Page 17 - I feel how weak and fruitless must be any words of mine which should attempt to beguile you from the grief of a loss so overwhelming. But I cannot refrain from tendering to you the consolation that may be found in the thanks of the Republic they died to save. I pray that our heavenly Father may assuage the anguish of your bereavement, and leave you only the cherished memory of the loved and lost, and the solemn pride that must be yours to have laid so costly a sacrifice upon the altar of freedom.
Page 224 - Of his dull life ; then where there hath been thrown Wit able enough to justify the town For three days past : wit that might warrant be For the whole city to talk foolishly, Till that were cancelled ; and when that was gone, We left an air behind us, which alone Was able to make the two next companies Right witty ; though but downright fools, mere wise...
Page 54 - God ! God ! God ! Everything I have in my trunks that reminds me of her goes through me like a spear.
Page 156 - Its touches of beauty should never be half-way, thereby making the reader breathless, instead of content. The rise, the progress, the setting of Imagery should, like the sun, come natural to him, shine over him, and set soberly, although in magnificence, leaving him in the luxury of twilight. But it is easier to think what poetry should be, than to write it. And this leads me to Another axiom — That if poetry comes not as naturally as the leaves to a tree, it had better not come at all.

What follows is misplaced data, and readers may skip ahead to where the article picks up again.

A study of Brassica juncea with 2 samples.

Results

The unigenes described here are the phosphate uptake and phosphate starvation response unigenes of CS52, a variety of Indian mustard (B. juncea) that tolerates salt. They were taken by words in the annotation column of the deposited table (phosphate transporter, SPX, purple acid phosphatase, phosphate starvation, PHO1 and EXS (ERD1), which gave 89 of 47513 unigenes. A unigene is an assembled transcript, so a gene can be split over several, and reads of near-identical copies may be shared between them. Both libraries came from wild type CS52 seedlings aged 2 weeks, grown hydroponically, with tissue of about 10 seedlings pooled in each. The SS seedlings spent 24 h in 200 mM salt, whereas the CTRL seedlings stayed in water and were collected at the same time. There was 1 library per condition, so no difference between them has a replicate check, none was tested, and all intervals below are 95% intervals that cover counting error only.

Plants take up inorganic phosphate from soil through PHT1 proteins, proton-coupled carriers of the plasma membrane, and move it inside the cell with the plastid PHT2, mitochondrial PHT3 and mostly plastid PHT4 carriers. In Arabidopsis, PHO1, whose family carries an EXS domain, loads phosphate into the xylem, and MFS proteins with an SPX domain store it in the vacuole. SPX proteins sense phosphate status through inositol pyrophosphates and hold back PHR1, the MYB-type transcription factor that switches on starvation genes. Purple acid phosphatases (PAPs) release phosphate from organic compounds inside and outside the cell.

Page 153 - It is impossible that any expectations can be lower than mine concerning the immediate effect of this little work upon what is called the public. I do not here take into consideration the envy and malevolence, and all the bad passions, which always stand in the way of a work of any merit from a living poet ; but merely think of the pure, absolute, honest ignorance in which all worldlings of every rank and situation must be enveloped, with respect to the thoughts, feelings, and images on which the...
Page 233 - Yet nature's charms, the hills and woods, The sweeping vales, and foaming floods, Are free alike to all.
Page 178 - Well, you should be happy yourself, for you may be sure you have done more good, and not only fastened more kindly feelings, but prompted more positive acts of beneficence, by this little publication, than can be traced to all the pulpits and confessionals in Christendom, since Christmas 1842.
Page 34 - I have just passed part of this summer at an old romantic seat of my Lord Harcourt's, which he lent me. It overlooks a common field, where, under the shade of a haycock, sat two lovers, as constant as ever were found in Romance, beneath a spreading beech. The name of the one (let it sound as it will) was John Hewet ; of the other, Sarah Drew. John was a well-set man about five and twenty, Sarah a brown woman of eighteen.
Page 150 - Keep to your bank, and the bank will keep you. Trust not to the public : you may hang, starve, drown yourself for anything that worthy personage cares. I bless every star that Providence, not seeing good to make me independent, has seen it next good to settle me upon the stable foundation of Leadenhall.